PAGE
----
Sunday, November 11, 2012


Over the coming days, Cinema Project welcomes experimental filmmaker Saul Levine to town for a two-night presentation of his unique, mostly analog-based film work.  Dubbed The Super-8 Dreams of Saul Levine, the program's title is rather apt, as the pieces I've been fortunate enough to view have the feel of subconscious narratives arrived at during slumber; Levine's editing style operates in an additive mode, exposing and/or building connections instead of being purposed primarily toward erecting rhythms.  Levine points to his exposure to Maya Deren and Viking Eggling's work as a freeing moment, one that helped him stop "making editing decisions based on story and start making them based on shape, memory, and association."

No matter how he reached the underlying principles that inform those editing choices, he's created an impressive body of mysteriously associative work in his decades long dedication to experimental form.  At this week's event, Levine and Cinema Project will be highlighting over twenty works (each night is an entirely different set of films) and that doesn't even begin to cover his full output.  I've embedded three of Levine's works below, none of which are a part of The Super-8 Dreams of Saul Levine.  Why not check those out for a small inkling of what to expect at Monday and Tuesday's retrospective.

And what might the organizers of Cinema Project have to say about their booking?  Let's see:

Saul Levine has been making films for over 35 years, most of them in the small-guage formats of 8mm and Super8mm. His films record the extraordinary in the ordinary, making timeless images from daily events. His parents become your parents, a couple walking on the beach could be any couple, from any time. The intensive editing process provides a rhythm that gives even the silent films a sense of sound, while the sound films become masterpieces of noise and light. In Notes of an Early Fall, a melted record skips on the turntable providing the beat for a jumble of shots that in the end finds unity. Splice tape is a texture on the film landscape, lengthening and defining the time between shots, many of which are single frames.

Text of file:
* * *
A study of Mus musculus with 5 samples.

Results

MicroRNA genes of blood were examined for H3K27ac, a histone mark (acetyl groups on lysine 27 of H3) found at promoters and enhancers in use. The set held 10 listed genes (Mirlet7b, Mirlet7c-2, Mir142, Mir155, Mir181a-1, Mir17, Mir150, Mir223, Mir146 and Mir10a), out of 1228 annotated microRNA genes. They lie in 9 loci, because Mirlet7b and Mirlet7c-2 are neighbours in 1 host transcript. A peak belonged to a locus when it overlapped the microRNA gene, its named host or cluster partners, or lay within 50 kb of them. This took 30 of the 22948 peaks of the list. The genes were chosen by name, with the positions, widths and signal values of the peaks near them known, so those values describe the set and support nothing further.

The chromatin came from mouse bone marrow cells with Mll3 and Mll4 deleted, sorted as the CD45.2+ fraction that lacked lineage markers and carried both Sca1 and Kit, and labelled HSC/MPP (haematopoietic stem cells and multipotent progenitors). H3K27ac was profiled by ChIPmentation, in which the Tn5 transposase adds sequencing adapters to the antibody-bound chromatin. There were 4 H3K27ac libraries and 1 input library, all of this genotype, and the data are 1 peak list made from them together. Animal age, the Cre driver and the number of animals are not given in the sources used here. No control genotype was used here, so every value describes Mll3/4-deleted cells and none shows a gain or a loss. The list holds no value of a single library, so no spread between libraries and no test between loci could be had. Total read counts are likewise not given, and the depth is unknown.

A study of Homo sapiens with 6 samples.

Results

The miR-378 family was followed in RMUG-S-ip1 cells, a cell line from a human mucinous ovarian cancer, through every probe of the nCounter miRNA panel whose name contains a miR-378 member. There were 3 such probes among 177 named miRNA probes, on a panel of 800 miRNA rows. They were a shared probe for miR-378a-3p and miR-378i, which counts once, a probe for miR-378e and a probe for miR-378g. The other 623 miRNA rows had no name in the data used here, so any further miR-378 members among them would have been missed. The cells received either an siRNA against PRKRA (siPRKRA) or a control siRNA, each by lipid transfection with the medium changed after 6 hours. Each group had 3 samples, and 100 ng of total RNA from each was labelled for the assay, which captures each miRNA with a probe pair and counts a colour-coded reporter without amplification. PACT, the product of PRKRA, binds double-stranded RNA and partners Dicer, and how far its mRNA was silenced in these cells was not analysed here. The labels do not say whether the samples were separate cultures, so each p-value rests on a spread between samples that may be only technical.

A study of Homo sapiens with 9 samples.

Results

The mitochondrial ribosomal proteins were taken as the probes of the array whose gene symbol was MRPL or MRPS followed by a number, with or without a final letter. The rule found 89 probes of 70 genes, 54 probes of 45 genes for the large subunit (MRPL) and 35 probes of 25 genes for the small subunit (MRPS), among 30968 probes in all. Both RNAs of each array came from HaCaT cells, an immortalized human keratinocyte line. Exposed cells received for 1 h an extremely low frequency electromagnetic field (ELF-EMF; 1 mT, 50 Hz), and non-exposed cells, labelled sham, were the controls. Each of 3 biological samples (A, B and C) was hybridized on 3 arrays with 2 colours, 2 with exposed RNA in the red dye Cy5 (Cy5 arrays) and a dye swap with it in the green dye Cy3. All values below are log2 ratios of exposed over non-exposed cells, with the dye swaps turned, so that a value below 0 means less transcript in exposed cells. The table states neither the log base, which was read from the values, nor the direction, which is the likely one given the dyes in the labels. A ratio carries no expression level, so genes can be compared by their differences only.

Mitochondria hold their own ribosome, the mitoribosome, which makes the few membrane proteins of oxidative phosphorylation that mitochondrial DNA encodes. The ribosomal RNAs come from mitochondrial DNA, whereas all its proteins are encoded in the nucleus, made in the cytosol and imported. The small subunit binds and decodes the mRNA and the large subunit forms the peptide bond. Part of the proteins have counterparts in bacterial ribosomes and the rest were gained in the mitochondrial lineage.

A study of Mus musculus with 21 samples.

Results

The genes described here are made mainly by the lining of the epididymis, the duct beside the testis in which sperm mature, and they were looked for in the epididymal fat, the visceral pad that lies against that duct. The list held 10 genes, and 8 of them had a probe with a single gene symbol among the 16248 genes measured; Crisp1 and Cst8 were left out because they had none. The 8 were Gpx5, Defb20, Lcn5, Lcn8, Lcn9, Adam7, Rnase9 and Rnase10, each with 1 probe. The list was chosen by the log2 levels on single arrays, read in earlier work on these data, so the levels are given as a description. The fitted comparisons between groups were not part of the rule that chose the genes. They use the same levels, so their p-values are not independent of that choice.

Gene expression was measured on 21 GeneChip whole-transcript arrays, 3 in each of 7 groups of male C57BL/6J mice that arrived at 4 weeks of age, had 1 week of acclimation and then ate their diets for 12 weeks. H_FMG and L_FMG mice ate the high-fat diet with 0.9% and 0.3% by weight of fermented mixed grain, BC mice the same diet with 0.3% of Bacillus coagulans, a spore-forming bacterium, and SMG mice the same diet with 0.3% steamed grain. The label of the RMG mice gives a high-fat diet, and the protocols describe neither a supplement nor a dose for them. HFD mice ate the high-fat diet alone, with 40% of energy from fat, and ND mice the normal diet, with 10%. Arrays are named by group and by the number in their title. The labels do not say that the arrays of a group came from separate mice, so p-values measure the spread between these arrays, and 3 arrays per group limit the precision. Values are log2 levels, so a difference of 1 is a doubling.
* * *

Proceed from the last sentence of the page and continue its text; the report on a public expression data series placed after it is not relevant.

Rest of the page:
The Notes series celebrates the breathtaking beauty of daily life: children playing in the snow, romance in the afternoon light, a joke told in Hebrew, smoke curling in front of an open window. Note to Colleen cuts so quickly between the faces of people having their portraits drawn on the street and the portrait being drawn that the two become indistinguishable. His Light Licks series is a more formal tampering with the film frame and the relationship between space and image, light and darkness. Over two nights, Cinema Project shows a broad sweep of Levine’s work, from the 1960s to current films, to highlight his important and ongoing contributions to the American avant-garde.

Cinema Project presents The Super-8 Dreams of Saul Levine on Monday, November 12th and Tuesday, November 13th at 7:30pm.  More info on the program available here.